Stricker, 51, came through Sunday in the Cologuard Classic a year after hitting left into the water on 18 to blow a chance for a victory in his senior debut, and a day after another 3-wood drive rolled into the water in a closing double bogey.
The 12-time PGA Tour winner birdied the par-5 15th and closed with three pars for a 4-under 69, hitting another 3-wood on the par-4 18th. He finished two strokes ahead of fellow Madison, Wisconsin, player Jerry Kelly (65), Gene Sauers (70) and Scott Dunlap (71).
Stricker finished at 14-under 205 after opening with rounds of 6 and 70. He won in his eighth start on the 50-and-over tour. He has six top three-finishes, tying for second two weeks ago in Florida in the Chubb Classic. He was second in Tucson behind Tin Lehman last year, losing a two-shot lead on the final three holes.
Tiger chats with Douglas High student
PALM BEACH GARDENS, Fla. — Tiger Woods took time before The Honda Classic to meet with a student from Marjory Stoneman Douglas High School, one week after 17 people were killed in a shooting at the school.
Woods signed a hat for the student, Kyle Shanahan, after learning that he was volunteering at the tournament.
“I thought, ‘Oh my God, I’m getting this signed by Tiger Woods.’ It really felt like he talked from the heart,” Shanahan, a sophomore, told local CBS affiliate WPEC. “It didn’t feel scripted. It felt like it really came from him being sincere and saying, ‘I’m really sorry that you’re going through this.’ It made me feel awesome.”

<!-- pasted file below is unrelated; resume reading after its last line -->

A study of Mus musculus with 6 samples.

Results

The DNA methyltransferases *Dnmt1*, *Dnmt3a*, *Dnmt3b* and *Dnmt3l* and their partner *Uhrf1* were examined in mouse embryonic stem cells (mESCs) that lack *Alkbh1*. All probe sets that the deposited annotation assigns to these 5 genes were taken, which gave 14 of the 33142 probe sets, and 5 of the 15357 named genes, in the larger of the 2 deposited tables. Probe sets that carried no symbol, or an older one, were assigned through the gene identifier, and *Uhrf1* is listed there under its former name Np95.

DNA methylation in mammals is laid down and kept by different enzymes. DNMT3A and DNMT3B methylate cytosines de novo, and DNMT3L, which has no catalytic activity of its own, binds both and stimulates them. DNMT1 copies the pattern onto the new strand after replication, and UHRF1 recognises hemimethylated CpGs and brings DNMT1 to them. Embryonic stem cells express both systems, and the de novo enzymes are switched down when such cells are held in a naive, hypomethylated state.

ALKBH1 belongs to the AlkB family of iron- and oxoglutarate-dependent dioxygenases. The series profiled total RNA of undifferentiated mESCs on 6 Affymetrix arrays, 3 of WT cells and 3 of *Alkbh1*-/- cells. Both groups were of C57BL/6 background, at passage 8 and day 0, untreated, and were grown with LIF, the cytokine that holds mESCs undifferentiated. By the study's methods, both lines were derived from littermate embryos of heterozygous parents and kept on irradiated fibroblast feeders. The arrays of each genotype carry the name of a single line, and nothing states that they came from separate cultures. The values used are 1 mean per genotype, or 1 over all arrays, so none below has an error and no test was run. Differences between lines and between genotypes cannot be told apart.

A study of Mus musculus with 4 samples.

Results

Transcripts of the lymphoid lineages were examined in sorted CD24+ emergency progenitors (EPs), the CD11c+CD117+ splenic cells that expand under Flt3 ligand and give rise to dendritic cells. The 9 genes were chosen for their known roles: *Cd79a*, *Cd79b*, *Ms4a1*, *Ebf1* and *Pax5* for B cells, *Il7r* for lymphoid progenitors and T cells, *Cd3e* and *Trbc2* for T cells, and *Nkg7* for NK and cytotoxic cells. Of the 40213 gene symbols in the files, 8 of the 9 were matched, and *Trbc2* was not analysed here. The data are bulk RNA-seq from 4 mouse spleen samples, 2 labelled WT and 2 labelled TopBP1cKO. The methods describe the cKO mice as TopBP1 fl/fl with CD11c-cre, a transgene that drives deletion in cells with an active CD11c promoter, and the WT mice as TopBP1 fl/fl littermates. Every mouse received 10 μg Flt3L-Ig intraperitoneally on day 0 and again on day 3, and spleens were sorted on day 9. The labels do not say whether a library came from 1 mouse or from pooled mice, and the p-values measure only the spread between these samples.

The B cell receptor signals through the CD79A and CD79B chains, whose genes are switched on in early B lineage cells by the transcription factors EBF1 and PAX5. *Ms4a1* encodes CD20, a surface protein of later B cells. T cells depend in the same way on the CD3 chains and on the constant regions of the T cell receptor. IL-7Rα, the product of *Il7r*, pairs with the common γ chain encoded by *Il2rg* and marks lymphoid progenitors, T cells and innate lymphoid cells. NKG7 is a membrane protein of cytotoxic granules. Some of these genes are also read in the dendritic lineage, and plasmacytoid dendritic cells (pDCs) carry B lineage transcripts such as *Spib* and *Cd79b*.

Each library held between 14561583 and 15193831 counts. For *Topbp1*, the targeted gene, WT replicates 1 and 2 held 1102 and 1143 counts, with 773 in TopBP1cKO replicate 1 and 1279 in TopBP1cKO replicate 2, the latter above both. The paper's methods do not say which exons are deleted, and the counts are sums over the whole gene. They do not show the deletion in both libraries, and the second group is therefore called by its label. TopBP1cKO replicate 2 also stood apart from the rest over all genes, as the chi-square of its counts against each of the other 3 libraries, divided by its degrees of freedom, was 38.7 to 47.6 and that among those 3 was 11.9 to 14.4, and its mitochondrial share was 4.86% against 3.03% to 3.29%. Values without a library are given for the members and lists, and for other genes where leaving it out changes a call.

Shanahan, who’s been a Honda Classic volunteer for several years, also got a picture with defending champion Rickie Fowler. The tournament’s venue, PGA National, is about an hour north of Stoneman Douglas High School.
Woods’ caddie, Joe LaCava, learned that one of the school’s students was at the event. He told Woods, who called Shanahan over on the driving range.
“Meeting him brings you right back to reality, thinking about what he has to deal with and what he’s seen and things he has to deal with the rest of his life,” Woods told USA Today. “It’s humbling that he wanted to meet me. But he was out here, wanting to get away from it, wanting to enjoy it, and it was nice to be able to help him enjoy being out here. When he leaves here, leaves the golf course, he has to go back to a pretty harsh reality.”